Given how much the media had moved on from the story, I was going to forego comment on former Vice President Joe Biden’s recent observation that any African-American who could not decide whether to vote for him or President Donald J. Trump in the upcoming election “ain’t black.”
What’s happened over the last few days in Minneapolis has made me rethink my decision.
George Floyd died Monday while in the custody of the Minneapolis police. As shown in videos taken of the incident, he was handcuffed in the prone position and in no apparent way resisting arrest. Yet he continued to be restrained by Office Derek Chauvin, using the hopefully unusual technique of placing his knee on the man’s neck and applying pressure.
Floyd’s death – some are calling it murder – has Minneapolis up in arms and flames. Footage of the looting of a Target store and the burning to the ground of a Wendy’s and an AutoZone are all over social media. Chauvin and three other officers who stood by and watched as Floyd insisted repeatedly he could not breathe with the officer’s knee on his neck have been let go from the force and are under investigation by local and federal authorities.
They are, of course, entitled to due process which they, unlike Mr. Floyd, must get if only to prove those of us who adhere to the standards of equal justice under the law are better than those formerly uniformed thugs who appear to have used their power to take the life of a fellow American.
All of this has put race relations once again at the front and center of the national conversation. I am not willing to accept the argument that America’s police are fighting an undeclared war against the black community, an idea that underpins the Black Lives Matter movement, but I do agree with them that cops are all too quick to use and overuse force in situations that could be handled better if in certain situations the police showed as much respect to the people they were confronting as they expect to be shown.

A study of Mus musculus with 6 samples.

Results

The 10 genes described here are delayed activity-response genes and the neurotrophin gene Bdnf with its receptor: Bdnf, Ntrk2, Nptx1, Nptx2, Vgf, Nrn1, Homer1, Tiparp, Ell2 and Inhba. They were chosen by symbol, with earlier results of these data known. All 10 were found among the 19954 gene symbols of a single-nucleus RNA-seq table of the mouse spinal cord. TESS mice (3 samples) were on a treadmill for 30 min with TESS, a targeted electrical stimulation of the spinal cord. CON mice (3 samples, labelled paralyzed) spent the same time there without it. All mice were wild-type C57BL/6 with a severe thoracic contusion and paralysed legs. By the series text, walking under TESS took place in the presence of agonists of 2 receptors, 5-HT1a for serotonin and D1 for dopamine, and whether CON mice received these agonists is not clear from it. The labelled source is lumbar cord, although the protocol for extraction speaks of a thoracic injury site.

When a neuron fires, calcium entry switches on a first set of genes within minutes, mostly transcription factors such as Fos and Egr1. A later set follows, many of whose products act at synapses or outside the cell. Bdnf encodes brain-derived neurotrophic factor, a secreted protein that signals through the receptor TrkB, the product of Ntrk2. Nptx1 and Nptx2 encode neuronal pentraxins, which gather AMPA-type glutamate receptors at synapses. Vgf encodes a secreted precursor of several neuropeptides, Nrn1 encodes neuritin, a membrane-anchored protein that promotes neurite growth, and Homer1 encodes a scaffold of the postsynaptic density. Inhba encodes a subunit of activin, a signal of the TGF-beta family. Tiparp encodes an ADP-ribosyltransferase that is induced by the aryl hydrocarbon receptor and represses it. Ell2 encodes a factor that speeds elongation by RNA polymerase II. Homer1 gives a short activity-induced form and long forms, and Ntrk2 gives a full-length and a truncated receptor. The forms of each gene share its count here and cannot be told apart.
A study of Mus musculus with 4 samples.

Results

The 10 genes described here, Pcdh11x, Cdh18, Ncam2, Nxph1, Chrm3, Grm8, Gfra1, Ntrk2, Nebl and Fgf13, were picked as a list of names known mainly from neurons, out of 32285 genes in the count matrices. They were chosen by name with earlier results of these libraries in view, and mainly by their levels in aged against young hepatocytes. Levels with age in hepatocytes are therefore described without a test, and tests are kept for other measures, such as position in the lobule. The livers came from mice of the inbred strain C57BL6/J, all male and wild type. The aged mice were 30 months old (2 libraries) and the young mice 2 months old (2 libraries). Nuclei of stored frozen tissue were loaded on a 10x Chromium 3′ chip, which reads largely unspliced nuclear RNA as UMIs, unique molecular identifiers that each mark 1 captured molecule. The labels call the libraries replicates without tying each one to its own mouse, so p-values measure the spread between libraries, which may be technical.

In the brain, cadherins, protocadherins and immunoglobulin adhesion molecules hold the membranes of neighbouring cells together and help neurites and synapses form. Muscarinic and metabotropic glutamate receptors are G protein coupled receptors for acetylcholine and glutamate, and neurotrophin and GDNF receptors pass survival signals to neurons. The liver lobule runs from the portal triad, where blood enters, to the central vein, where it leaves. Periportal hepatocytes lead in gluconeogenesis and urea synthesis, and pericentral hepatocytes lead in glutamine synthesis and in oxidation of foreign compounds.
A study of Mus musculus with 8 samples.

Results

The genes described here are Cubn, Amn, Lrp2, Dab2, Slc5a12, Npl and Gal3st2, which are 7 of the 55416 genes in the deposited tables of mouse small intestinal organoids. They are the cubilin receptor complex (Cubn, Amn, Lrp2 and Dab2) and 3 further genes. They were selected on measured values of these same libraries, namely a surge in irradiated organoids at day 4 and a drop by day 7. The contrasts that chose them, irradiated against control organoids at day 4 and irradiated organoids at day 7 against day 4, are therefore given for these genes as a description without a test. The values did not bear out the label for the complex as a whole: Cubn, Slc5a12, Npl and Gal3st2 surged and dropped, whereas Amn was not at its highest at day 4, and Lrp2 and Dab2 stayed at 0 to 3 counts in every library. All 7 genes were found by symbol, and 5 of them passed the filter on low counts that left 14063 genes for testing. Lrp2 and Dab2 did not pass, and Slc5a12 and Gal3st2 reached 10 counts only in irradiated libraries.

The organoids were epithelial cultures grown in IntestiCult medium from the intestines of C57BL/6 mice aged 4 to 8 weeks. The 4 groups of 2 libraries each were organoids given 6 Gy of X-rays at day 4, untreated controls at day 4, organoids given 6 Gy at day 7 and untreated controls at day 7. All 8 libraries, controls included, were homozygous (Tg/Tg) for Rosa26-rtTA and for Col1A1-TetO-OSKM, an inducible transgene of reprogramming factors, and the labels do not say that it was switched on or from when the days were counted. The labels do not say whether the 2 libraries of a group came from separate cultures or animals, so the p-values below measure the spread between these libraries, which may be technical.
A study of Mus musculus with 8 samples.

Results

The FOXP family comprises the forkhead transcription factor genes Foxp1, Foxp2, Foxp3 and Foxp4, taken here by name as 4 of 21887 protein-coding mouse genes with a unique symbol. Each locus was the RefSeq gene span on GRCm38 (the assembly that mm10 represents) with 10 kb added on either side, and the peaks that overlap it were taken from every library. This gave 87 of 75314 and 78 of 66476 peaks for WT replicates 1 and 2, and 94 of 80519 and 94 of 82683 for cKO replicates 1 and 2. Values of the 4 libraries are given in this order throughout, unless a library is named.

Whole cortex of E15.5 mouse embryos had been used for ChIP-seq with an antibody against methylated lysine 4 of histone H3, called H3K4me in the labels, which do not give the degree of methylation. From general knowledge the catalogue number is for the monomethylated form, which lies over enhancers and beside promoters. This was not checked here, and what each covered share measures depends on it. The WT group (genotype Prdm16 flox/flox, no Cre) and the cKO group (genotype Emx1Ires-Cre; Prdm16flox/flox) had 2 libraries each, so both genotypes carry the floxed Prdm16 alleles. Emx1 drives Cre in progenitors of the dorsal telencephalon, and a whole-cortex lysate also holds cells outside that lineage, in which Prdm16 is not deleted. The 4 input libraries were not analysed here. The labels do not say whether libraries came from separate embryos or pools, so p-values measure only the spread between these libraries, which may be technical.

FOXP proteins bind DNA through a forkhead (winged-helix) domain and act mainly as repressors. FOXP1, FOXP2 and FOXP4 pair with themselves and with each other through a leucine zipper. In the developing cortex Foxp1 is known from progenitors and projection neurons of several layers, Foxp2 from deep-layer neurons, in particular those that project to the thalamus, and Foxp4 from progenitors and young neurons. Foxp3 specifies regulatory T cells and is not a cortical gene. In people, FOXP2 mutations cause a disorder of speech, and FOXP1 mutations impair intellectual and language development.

What does all this have to do with Biden? Plenty. His lapse into slang, his use of the word “ain’t” was most likely meant as an expression of his connection to the black community.
Thank you very much for that. It would not be wrong to see it as a condescending expression of your opinion about African Americans who, you seem to think, do not, as a rule, use proper English. That’s right up there with what you had to say about people who operate 7-11s and other doozies you’ve uttered over the years that suggest you have very little respect for people outside your socioeconomic cohort.
It wasn’t but a couple of days before President Trump and Attorney General William Barr threw the considerable weight and power of the U.S. Department of Justice behind the investigation into what happened to George Floyd. This is as it should be. The apparent flagrant abuse of his power by one Minneapolis police officer and the inaction of three of his colleagues is something that should concern us all, no matter to whatever racial and ethnic group the victim might belong to. How long it would take for a President Biden to activate the appropriate federal agencies in a case like this is a fair question.
Biden’s “You ain’t black” was all too easily dismissed as a harmless joke by people who scrutinize every jot and tittle of every Trump speech, remark, and Tweet. It was not harmless. It was debasing, inappropriate, and uncalled for – especially from a man who calls himself a defender of civil rights and a friend to the nation’s minority communities. The disparity in coverage reveals a double standard on race that helps no one and does nothing to heal the divides that keep us from being truly one nation.
Someone, I think it was BET founder Robert Johnson said the former vice president need to apologize for what he’d said to every black person he met on the campaign trail until the end of the election. There’s merit to that suggestion since, as we’ve seen throughout the campaign, he holds himself up so often as being “better” than Donald Trump. For all intents and purposes, in a just world, he’s not – and he’s been telling us that over and over throughout his political career.